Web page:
Rancho Santa Fe Association forms Committee on the Natural Environment


By Joe Tash

A new committee formed by the Rancho Santa Fe Association will tackle such issues as what types of trees and plants are needed to increase the health and diversity of the Covenant’s natural areas, and reliable sources of water for the future.

The Committee on the Natural Environment is an ad hoc committee, meaning that it was set up as a temporary panel to address specific issues. However, under a resolution approved by the Association board at its meeting on Thursday, Feb. 2, the ad hoc committee is expected to transition into a permanent, standing committee over the next year.

“So much of what’s beautiful and wonderful about the Rancho Santa Fe area is the landscaping,” said Bill Beckman, a former Association board member and chairman of the new committee, which currently has six members.

But in recent years, said Association Manager Pete Smith, pests such as the red gum lerp psyllid and impacts of a prolonged drought have devastated Rancho Santa Fe’s distinctive eucalyptus forest.

“Every year we lose more and more trees,” said Smith.

By planting drought-resistant tree and plant species, and a broader variety of flora, the area’s natural areas will be better protected from pests, disease and drought, Smith said.

“It’s just a healthier environment,” he said.

Among the new committee’s duties, said Beckman, will be creating a “palette” of different types of trees and plants that can be planted in areas controlled by the Association.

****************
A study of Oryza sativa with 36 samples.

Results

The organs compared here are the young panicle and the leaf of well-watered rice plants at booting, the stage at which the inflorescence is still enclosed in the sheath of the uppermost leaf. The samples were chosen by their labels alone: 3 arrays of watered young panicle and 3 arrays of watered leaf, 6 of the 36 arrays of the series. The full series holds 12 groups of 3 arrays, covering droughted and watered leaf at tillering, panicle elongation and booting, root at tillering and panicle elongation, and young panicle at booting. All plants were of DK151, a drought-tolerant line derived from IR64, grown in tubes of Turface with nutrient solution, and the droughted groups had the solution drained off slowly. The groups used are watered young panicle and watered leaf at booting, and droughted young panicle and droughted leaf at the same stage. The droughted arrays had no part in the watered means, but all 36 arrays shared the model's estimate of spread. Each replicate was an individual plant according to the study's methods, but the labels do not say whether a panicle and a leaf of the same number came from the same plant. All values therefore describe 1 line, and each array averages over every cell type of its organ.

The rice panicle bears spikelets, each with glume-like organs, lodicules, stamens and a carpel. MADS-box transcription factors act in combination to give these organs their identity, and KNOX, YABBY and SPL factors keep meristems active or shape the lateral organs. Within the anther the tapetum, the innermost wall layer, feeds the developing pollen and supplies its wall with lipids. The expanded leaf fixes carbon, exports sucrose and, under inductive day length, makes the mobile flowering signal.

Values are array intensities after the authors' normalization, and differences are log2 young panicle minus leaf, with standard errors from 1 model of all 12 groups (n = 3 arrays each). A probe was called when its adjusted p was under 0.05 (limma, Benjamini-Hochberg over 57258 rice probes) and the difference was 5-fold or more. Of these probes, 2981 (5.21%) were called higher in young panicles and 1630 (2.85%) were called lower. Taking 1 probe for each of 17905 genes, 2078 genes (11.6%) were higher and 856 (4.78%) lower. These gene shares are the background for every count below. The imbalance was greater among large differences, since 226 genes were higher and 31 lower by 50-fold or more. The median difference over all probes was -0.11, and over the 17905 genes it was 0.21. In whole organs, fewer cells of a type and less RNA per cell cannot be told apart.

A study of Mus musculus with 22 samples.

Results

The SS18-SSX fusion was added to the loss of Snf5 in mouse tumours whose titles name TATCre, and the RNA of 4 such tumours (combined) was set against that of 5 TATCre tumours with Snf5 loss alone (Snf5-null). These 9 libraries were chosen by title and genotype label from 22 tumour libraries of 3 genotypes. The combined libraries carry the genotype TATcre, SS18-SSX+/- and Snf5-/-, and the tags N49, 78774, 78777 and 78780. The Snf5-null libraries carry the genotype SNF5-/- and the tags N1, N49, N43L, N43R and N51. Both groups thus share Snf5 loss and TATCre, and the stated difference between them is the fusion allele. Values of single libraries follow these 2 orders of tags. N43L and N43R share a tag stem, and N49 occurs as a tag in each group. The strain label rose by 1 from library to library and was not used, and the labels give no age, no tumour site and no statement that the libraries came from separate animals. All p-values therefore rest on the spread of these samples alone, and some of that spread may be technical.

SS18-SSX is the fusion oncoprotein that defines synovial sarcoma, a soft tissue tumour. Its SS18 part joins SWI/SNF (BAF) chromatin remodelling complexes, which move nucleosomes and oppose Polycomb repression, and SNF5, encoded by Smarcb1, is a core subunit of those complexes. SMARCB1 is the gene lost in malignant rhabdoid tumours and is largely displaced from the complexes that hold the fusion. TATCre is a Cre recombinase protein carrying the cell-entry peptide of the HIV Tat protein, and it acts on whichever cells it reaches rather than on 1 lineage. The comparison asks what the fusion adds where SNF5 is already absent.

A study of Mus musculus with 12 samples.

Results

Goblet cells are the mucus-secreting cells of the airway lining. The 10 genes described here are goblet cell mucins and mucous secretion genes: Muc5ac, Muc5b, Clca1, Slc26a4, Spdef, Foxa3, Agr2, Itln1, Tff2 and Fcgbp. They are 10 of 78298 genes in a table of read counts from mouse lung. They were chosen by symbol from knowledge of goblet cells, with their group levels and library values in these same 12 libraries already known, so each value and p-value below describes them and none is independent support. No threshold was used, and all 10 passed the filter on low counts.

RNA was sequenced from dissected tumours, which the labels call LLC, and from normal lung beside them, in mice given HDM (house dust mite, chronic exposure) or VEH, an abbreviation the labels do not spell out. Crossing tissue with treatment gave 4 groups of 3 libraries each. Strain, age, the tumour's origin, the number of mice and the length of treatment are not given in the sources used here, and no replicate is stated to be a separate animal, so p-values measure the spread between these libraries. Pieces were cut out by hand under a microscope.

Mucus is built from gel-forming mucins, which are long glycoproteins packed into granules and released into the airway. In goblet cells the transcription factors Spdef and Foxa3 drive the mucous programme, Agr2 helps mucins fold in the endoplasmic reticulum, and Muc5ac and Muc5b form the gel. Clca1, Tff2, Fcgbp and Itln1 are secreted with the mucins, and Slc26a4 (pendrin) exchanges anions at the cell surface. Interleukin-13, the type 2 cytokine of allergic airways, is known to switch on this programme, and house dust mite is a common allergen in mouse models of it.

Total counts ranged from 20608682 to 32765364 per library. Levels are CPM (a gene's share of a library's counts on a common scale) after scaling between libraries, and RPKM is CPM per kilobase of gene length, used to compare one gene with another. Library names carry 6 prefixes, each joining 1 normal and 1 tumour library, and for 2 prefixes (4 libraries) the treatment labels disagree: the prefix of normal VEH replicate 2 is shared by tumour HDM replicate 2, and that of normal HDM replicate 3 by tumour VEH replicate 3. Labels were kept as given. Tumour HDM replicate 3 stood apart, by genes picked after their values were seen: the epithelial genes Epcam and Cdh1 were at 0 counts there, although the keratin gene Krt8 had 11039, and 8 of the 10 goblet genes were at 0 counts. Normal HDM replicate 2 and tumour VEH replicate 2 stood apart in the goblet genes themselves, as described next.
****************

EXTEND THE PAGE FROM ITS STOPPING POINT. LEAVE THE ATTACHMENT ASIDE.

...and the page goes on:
The group will also look at potential sources of water for landscaped areas, which would include the golf course.

“Water is becoming more expensive and more in demand, and the availability of water for this region is gradually being reduced, so we need to be more water-wise,” Beckman said.

The committee will work with the Santa Fe Irrigation District, which provides drinking and irrigation water to Rancho Santa Fe, to come up with recommendations that can then be brought back to the Association membership, Beckman said.

Once the committee identifies an appropriate mix of plants, it may then organize community planting events in which the Association’s members can help beautify and improve the covenant’s natural environment, Beckman said.

“It’s a terrific committee, a terrific group of people,” Beckman said. “I think the work we’re doing will make a real difference to Rancho Santa Fe over the next 20 to 50 years.”

The committee will meet at 9 a.m. on the first Monday of each month at the Association office.